ISTANBUL: Biennials, international showcases for contemporary art, are great occasions to promote the cultural credentials of their host cities. Istanbul, along with its eponymous biennial, has the Yeditepe Biennial, which is the first biennial in the world in the field of classical Turkish arts.
The second edition of the biennial was launched at Süleymaniye Mosque Imaret (public soup kitchen) Darüzziyafe on Jan. 7 this year. Organized in cooperation with Fatih Municipality and the Classical Turkish Arts Foundation under the auspices of the Presidency of the Republic of Turkey, the Yeditepe Biennial continues at Nuruosmaniye Mosque Cellar, Yedikule Fortress and Fatih Glass Cube Gallery. The event, whose theme is “frame” this year, discusses the questions about the consequences of searching outside for what we have lost inside, the relationship between the symbolic world of the West and the frame, and the contradiction it creates, together with the aesthetic and cultural instruments of Turkish traditional arts.
Questions brought by framework
The biennial brings up a very central issue that has not yet been discussed with the theme of the frame: What does it mean for traditional arts to present themselves within a frame in exhibition spaces, after moving away from their own spaces, namely books and architectural spaces, in the modern period? In other words, how has the separation of the integrity of Turkish arts, which have been divided into disciplines such as illumination, calligraphy, miniature and marbling in the last two hundred years, and framing and hanging of them on the wall changed their traditions and perceptions? These questions offer answers that will be multiplied by each participant’s and artist’s own interpretations in the biennial.
Four venues, four meanings
The venues of the biennial, Süleymaniye Mosque Imaret Darüzziyafe, Nuruosmaniye Mosque Cellar, Yedikule Fortress and Fatih Glass Cube Gallery, do not welcome their guests in a frame but at a threshold as intermediate spaces. The exhibition methods, which include a design suitable for the architectural features of the spaces, are based on the horizontality that internalizes the symmetry and asymmetry of the space in the Süleymaniye Mosque Imaret Darüzziyafe, a kind of descent and solemnity in the Nuruosmaniye Mosque Cellar and a vertical movement in the Yedikule Fortress.
For this reason, more than 250 works in the Süleymaniye Mosque Imaret Darüzziyafe, which is still under restoration, were arranged in accordance with the artist’s practice of seeing work. The arrangement of the works, which closes or sometimes completely hides their frameworks, allows the interlocutors to find their own way of seeing rather than imposing a certain point of view and “framing.” It also points to the questioning of the position of traditional arts in today’s cultural industry.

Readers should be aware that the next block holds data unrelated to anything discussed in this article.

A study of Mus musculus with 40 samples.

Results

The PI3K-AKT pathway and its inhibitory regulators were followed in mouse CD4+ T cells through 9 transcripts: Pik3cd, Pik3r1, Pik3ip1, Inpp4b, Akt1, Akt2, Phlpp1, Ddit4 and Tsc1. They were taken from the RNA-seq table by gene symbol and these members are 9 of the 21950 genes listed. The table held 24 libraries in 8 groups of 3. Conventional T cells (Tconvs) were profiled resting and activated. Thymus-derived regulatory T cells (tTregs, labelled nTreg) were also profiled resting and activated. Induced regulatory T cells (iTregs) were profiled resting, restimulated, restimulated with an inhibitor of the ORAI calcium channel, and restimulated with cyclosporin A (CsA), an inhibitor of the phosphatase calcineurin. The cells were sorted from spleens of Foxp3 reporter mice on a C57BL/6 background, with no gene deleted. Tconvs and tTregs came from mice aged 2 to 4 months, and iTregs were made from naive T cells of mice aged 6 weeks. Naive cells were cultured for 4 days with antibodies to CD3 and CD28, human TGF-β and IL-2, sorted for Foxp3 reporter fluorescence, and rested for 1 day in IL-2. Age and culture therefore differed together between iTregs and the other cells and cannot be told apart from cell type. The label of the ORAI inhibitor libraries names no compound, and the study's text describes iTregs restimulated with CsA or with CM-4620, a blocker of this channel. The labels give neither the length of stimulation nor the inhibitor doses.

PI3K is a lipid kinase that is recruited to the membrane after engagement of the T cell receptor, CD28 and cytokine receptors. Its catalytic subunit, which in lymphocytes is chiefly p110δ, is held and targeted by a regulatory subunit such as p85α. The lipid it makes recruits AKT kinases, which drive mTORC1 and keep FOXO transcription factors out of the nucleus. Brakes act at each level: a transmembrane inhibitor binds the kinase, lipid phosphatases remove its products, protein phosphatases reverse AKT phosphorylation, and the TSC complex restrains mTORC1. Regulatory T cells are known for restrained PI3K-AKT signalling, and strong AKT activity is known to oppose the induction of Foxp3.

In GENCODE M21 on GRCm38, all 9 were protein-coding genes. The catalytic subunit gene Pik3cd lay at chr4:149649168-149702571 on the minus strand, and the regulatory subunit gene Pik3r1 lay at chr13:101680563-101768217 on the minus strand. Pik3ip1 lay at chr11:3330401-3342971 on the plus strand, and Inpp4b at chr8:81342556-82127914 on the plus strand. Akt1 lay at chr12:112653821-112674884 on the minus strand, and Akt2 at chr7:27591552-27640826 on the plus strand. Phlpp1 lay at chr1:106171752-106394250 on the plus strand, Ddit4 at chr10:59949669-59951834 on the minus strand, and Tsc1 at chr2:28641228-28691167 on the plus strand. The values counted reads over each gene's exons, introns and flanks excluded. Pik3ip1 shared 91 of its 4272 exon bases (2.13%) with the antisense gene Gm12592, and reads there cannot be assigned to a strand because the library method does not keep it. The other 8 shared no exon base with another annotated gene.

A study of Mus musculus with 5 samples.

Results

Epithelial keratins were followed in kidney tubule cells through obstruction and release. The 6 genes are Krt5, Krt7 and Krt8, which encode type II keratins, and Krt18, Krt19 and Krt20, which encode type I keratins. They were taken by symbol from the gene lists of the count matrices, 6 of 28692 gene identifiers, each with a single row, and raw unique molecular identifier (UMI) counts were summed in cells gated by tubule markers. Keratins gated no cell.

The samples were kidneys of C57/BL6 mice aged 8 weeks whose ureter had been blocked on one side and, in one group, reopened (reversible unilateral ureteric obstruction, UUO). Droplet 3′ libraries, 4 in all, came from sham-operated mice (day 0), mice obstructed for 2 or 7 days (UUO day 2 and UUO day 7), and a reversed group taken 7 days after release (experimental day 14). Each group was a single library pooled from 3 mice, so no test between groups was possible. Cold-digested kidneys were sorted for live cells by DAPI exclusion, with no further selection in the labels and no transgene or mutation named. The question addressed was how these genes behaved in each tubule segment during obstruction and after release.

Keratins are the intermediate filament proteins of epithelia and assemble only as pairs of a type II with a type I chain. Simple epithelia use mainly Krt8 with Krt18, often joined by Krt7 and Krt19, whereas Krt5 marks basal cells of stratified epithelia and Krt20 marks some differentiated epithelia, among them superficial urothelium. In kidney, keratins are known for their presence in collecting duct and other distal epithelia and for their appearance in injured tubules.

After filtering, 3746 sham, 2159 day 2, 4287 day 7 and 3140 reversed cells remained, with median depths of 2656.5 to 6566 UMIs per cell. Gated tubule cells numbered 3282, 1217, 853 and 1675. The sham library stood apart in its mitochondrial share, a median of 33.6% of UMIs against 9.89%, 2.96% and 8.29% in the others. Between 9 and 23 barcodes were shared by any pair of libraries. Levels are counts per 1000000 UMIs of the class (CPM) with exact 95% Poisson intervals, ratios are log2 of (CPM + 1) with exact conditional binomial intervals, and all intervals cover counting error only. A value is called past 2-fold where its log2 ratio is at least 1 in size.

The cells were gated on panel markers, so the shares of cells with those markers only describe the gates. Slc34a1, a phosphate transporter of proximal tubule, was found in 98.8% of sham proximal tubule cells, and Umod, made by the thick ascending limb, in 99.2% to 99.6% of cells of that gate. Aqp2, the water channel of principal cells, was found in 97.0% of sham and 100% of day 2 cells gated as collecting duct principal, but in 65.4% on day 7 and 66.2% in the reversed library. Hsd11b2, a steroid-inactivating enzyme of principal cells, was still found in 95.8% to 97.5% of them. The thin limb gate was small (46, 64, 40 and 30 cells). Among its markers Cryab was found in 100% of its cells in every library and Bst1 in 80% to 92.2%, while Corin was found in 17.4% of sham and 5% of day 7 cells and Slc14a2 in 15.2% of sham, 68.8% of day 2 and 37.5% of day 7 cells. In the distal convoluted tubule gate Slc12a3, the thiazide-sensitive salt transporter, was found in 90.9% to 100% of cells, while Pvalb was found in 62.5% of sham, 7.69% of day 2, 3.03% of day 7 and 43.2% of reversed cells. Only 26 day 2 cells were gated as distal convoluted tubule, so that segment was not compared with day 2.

The installations of Ismail Hakkı Gurbetçi are among the standout works presented in the Süleymaniye Mosque Imaret Darüzziyafe. In “Çer-ve…”, the artist questions the concept of frame, which has been used as an exhibition element in traditional arts for many years, using frames of different sizes in line with the theme of the biennial. In another installation, Gurbetçi interprets the story of Joseph with the same method he used in “Çer-ve…”. He points out that the incident of Joseph’s well may be seen as a fall but it is actually a rise with the wisdom of God.
In Fatih Glass Cube Gallery, it is possible to digitally visit the works and venues of the biennial, observe their 3D state, and think about the existence of the works in the digital world. The works in Nuruosmaniye Mosque Cellar, on the other hand, are the result of an effort to make visible the questions of artists who have received traditional art education about their art performance and exhibition styles.
The works in Yedikule Fortress are mostly in the nature of expressing hopes and despairs about the future of both contemporary and traditional art exhibition practices. Featuring six works by five artists, the display presents the audience with questions and receptions about place, person, work and the relationship between the visible and the truth. The works in this place also remind us that they are not just installations but an announcement of the call of the ancient Anatolian wisdom that proclaims “everything is already in its place.”
The biennial also questions the existence of a unique exhibition style and the awareness of this issue since the day Turkish-Islamic arts were divided into disciplines, with 282 works on display. The works will remain open to visit until March 7. Do not miss it!